No doubt you already know the dangers of first-hand smoke, both for yourself as well as your yet-to-be-conceived child. Smoking has been linked to infertility challenges, higher-rates of miscarriage and premature and underweight babies. This doesn’t even begin to delve into the effects it has on a baby’s physical well-being. Equally harmful are the effects of second- and third-hand smoke. If you are trying to get pregnant, or have just become pregnant, make sure to protect yourself and your baby from the risks of both second- and third-hand smoke.
Just to clarify: first-hand smoke means you are the smoker, second-hand smoke means you are in physical proximity of smoke exhaled by a smoker, and third-hand smoke is the lingering contaminants from cigarette smoke that remains in a room, an elevator, a person’s clothing, etc. even after the smoke is no longer present. The effects of third-hand smoke can last for days after a cigarette is extinguished.
5 Dangers of Second- and Third-hand Smoke
- Lower fertility rates. The reality is that inhaling second-hand smoke is associated with the same risk levels as smoking yourself. After all, you are directly inhaling the same smoke the smoker inhaled into his or her own lungs. A study of nearly 5000 women who had never smoked found that 68 percent of the women who exposed to second-hand smoke for six or more hours per day had a much harder time getting pregnant and/or suffered from higher miscarriage rates than women who had lower smoke exposure. Unfortunately, this included women who had been exposed to second-hand smoke as a child.
- Trouble with IVF implantation. Sadly, living with a smoker can greatly reduce your chances of having successful in-vitro fertilization (IVF) or intracytoplasmic sperm injection (ICSI) implantation. A recent study of 225 women revealed the following statistics:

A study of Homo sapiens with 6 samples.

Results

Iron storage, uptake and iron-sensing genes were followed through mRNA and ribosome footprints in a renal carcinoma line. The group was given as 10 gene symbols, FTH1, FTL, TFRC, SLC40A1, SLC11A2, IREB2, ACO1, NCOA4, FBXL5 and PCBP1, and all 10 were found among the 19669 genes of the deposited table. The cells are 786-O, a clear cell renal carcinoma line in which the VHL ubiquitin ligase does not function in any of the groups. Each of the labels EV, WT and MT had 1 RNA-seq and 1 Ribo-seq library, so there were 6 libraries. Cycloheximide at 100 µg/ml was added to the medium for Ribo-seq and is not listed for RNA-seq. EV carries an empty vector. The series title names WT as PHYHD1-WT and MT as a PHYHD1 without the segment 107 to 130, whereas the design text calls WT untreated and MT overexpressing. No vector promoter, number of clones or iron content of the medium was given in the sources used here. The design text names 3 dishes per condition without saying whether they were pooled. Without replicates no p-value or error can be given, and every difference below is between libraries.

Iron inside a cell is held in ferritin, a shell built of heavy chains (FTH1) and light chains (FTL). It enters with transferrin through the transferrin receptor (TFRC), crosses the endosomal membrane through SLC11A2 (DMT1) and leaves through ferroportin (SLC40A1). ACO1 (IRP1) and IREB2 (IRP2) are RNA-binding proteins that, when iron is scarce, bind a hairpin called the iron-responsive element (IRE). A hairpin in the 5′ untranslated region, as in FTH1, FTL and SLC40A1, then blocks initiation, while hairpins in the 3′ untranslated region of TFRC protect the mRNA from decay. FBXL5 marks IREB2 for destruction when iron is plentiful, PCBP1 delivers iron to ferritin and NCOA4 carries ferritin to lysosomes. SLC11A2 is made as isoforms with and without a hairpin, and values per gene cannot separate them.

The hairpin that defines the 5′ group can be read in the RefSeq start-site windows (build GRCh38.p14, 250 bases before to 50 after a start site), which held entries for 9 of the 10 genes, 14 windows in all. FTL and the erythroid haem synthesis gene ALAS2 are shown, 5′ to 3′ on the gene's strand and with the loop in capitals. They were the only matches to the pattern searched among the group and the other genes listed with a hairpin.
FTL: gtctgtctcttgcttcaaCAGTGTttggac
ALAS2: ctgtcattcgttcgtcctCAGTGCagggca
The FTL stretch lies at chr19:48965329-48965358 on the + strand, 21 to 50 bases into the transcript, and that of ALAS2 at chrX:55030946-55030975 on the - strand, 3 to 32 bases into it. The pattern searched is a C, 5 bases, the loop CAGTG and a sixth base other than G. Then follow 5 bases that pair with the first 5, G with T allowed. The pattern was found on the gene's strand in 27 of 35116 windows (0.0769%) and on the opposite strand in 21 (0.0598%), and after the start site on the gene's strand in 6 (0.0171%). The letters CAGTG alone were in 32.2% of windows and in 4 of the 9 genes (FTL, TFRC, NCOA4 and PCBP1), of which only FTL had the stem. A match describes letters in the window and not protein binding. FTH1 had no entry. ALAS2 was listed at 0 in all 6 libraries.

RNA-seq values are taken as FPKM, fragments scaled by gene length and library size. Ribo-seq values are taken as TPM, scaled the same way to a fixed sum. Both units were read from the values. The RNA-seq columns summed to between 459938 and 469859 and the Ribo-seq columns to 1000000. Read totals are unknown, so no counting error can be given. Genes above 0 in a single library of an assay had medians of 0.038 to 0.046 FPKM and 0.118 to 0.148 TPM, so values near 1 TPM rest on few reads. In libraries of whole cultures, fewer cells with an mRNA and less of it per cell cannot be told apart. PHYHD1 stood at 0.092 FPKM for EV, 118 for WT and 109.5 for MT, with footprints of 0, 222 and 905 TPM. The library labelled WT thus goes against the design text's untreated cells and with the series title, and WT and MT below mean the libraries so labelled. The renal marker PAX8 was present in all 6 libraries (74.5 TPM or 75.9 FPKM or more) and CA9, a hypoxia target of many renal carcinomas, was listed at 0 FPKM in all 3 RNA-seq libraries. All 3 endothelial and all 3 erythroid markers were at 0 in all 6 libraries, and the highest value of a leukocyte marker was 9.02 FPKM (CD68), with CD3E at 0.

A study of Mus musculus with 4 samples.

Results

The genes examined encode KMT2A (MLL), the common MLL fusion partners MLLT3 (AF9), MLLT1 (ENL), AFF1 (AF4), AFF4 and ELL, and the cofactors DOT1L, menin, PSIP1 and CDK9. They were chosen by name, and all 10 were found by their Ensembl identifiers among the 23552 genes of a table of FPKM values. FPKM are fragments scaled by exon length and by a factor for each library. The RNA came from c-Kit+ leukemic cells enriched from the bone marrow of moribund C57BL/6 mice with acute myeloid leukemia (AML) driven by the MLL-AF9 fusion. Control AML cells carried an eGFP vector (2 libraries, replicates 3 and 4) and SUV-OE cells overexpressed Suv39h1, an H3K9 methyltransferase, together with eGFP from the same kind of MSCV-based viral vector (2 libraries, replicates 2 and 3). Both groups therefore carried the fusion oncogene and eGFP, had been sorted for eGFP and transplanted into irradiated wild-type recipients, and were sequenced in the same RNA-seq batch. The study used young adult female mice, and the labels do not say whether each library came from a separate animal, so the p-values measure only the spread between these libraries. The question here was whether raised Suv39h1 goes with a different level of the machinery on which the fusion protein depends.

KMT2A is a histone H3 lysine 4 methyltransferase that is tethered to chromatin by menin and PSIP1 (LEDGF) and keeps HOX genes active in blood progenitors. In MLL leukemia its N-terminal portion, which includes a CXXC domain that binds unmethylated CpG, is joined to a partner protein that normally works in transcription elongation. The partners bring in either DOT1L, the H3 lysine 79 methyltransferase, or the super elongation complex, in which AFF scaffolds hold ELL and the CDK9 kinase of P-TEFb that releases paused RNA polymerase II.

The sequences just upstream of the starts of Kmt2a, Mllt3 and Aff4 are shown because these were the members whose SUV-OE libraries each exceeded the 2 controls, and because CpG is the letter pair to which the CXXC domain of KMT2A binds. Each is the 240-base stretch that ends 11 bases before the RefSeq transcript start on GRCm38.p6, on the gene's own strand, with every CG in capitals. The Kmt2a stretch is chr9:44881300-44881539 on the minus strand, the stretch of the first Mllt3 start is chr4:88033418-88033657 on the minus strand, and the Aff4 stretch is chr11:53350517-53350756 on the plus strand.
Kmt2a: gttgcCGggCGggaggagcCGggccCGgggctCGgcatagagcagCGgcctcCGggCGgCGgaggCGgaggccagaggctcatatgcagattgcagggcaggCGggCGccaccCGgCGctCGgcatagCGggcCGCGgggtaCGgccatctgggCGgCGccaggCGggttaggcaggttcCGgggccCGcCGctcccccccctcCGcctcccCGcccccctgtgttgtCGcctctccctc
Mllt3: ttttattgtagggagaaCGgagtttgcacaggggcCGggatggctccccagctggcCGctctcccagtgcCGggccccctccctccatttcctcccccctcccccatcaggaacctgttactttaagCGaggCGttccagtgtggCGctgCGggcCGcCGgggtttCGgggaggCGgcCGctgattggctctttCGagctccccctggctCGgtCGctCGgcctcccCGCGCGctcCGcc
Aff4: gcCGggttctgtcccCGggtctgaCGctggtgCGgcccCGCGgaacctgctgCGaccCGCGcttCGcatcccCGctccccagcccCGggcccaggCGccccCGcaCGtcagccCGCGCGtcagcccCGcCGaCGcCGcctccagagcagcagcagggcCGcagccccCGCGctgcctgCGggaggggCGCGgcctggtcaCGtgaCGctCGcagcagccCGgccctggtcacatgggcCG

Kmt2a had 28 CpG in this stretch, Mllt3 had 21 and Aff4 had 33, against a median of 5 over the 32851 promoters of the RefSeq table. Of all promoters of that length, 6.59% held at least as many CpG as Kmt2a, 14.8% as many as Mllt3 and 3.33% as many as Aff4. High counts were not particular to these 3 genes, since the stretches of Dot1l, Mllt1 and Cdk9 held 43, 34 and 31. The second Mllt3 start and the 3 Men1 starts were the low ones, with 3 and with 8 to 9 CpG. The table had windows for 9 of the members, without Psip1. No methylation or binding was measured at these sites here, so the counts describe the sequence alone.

–48% of the non-smoking women had implantation success
–19% of women who smoked became pregnant
–20% of the women who lived with smokers experienced successful IVF implantation
In other words, living with a smoker is only slightly better for you than smoking yourself.
- Third-hand smoke affects fetal lung development. Because third-hand smoke contains the same toxins as first- and second-hand smoke, it is responsible for the same physiological damage as first-hand smoke. If you are pregnant, and you spend time in homes or cars where third-hand smoke is prominent, the toxins can hinder healthy fetal lung development.
- Elevated risk for asthma. Under-developed lungs are especially vulnerable to respiratory problems, most notably asthma. Asthma is a serious and usually chronic condition, and your baby is more susceptible to developing asthma if he or she is exposed to both first-, second- and third-hand smoke.
- Babies are twice as susceptible to breathing third-hand smoke. Because babies spend so much time crawling, laying on household furnishings, and are generally lower to the ground, they are significantly more susceptible to ingesting dust, which is laden with the heavy contaminants contained in third-hand smoke. According to researchers who published the findings from their third-hand smoke research in the American Journal of Physiology, “nicotine levels are six times lower among infants living in homes with strict no-smoking policies.”
If you, your spouse, or your family members smoke, be insistent that they quit. Talk to your healthcare provider about smoking cessation programs. If they are unwilling to give up the habit, they should always smoke outside, in fresh air, while wearing a designated “smoking jacket” or over-shirt. Smokers should ideally wash their hands and face, and brush their teeth before handling the baby.